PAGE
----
Inspiring Stories: Maryanne Pope

Tell us a little about yourself and how you became bereaved?

My husband, John, was a Calgary police officer who passed away in the line of duty in 2000. We were both 32 at the time. John was investigating a break and enter complaint at a warehouse when he stepped through an unmarked false ceiling, fell 9 feet into the lunchroom below, hit his head and died of brain injuries. There was no safety railing to warn him of the danger. John and I had been together as a couple for 12 years and married for 4.

What motivated you to write your book, ‘A Widows Awakening’?

I had always wanted to be a writer but for one reason or another, had never got around to putting much time into actually writing. The day before John died, we had an argument and I told him how scared I was of waking up 20 years later and STILL not have finished writing a book. He looked at me and said, “You’re probably right about that…as long as you know that will have been your choice.”

That was my wake-up call. Two weeks later, I started writing A Widow’s Awakening. It took me 8 years to get it – and me – where it needed to be. But I did it.

Tell us a little about Pink Gazelle Productions?

I started Pink Gazelle Productions in 2002, which was only a couple of years after John’s death. At the time, I knew I wanted to write books but I didn’t realize I would also be writing blogs, screenplays and play scripts. So the company is a constantly evolving entity. Our tagline is “Authentic Lives; Authentic Works” and our purpose is to create works that encourage and inspire people to be make positive change in themselves and the world around them.

You set up The John Petropoulos Memorial Fund in 2005. What is it’s mission?

Actually the John Petropoulos Memorial Fund (JPMF) was started right after John’s death. Several of John’s police recruit classmates had memorial pins made and by the time of John’s funeral, more than $10,000 had been raised. So they asked me if, when I was ready, would I be interested in being part of the JPMF? I said yes! More than 16 years later, the JPMF is still going strong. We are a registered Canadian charity and our purpose is to educate the public about why and how to ensure their workplace is safe for everyone, including emergency responders.

To this end, we have produced a safety video, five 30-second ads that have aired on TV over a million times, as well as a variety of other educational resources. We also have a team of speakers who deliver workplace safety presentations to companies, schools, conferences, etc.

How important is it to you to connect with others who have also experienced the loss of a spouse?

To be honest, I wrote A Widow’s Awakening for ME. I knew I had to write it and the actual process of writing it was tremendously therapeutic. But then I reached a point where I realized it was likely going to be of help to others who were going through the grieving process. And it has been. However, as a writer, I was far more concerned with getting the story where it needed to be so that it was a strong and engaging read for any reader – regardless of whether that person was had experienced a significant loss or not.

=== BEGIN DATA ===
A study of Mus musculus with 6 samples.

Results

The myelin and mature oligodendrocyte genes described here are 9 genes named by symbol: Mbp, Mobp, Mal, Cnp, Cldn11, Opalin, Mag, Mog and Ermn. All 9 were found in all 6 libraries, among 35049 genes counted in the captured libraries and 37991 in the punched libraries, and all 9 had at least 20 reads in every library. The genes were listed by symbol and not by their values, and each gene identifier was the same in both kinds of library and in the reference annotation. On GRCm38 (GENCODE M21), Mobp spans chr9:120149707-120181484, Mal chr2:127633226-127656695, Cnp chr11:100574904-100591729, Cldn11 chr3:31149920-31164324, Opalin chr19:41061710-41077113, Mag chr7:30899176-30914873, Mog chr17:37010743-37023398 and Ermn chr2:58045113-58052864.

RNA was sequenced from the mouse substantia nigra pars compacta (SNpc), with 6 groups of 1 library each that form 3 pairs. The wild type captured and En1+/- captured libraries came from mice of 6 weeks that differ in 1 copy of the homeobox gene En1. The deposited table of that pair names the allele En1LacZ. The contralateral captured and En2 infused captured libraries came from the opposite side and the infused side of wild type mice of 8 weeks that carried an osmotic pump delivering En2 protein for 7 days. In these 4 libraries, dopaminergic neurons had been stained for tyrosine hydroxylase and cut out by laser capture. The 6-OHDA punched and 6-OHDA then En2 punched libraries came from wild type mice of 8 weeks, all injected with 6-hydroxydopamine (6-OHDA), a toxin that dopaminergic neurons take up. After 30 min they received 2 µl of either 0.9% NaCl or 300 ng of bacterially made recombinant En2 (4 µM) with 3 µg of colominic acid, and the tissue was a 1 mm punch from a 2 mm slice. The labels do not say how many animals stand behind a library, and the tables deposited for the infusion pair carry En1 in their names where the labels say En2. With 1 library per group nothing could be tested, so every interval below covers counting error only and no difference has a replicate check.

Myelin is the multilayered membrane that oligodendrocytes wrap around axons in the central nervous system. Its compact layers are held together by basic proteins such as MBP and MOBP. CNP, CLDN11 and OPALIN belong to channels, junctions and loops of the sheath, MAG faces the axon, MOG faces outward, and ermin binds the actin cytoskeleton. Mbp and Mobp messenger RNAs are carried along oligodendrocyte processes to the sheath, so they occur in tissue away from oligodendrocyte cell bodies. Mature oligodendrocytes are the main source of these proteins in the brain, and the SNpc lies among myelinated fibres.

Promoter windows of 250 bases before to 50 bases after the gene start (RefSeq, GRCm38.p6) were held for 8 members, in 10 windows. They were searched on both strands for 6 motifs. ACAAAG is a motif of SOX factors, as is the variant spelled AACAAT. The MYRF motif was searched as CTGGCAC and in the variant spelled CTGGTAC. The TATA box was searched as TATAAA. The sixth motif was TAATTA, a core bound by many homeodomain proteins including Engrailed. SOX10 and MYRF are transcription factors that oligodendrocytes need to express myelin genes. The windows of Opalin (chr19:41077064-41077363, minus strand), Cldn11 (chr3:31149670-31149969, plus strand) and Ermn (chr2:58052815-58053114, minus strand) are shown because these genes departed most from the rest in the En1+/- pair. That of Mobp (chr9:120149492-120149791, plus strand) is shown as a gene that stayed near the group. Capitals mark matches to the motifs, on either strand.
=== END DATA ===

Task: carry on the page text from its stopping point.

Because of the book and my other work, including public speaking, I do tend to connect a great deal with other people who have experienced the loss of a spouse. I was at a work-related event recently and a woman who had just lost her husband to a workplace fatality confided in me that she is inspired by how happy I am. That really made my day. At this point in my life, I AM very happy and have worked really hard to be happy again, so it is great to be able to be an example to others that the death of a spouse isn’t the end of happiness…rather the start of a new chapter.

You’ve recently started a new blog series, ‘Life After Loss’. What are you hoping to achieve with this?

With Life After Loss, I am exploring some of the topics that were touched on in A Widow’s Awakening. Now that so much time has passed since John’s death, I am able to explore these topics (grief, mental health, suicide, life after death, spirituality, destiny, soul mates, etc) far more objectively than when I was in the throes of the grieving process. With this blog series, I was hoping to get some dialogue going about some of these issues – and that is happening, so I am pleased.

Can you share with us five things which have helped you through your bereavement?

 - What one book? 

Tuesday’s With Morrie – I read this 2 months after John died and I loved how Morrie encouraged people to CRY. Such a simple thing but so important to let those tears flow…when they are ready to flow.

- What one activity?

Walking my dogs in the woods or by the river. Hands down, this is what helped me heal the most. I would go for long walks and just think and cry and cry and cry. Writing A Widow’s Awakening also really helped because it gave me a chance to find meaning in John’s death.

- What one quote?

 “The best way out is always through.” – Robert Frost

 - What one piece of advice?

Take the time you need to grieve but be aware that time is passing. Grief is a stage that a person goes through – but you don’t need to stay stuck in it any longer than necessary! 

- What one song/piece of music?

 I have 3 favourites:

  1. “Wind Beneath My Wings” by Bette Midler
  2. “You Raise Me Up” by Josh Groban
  3. “Good Riddance” by Green Day – not the good riddance part! I love the message: “I hope you had the time of your life.” I know John did and it reminds me to, as well.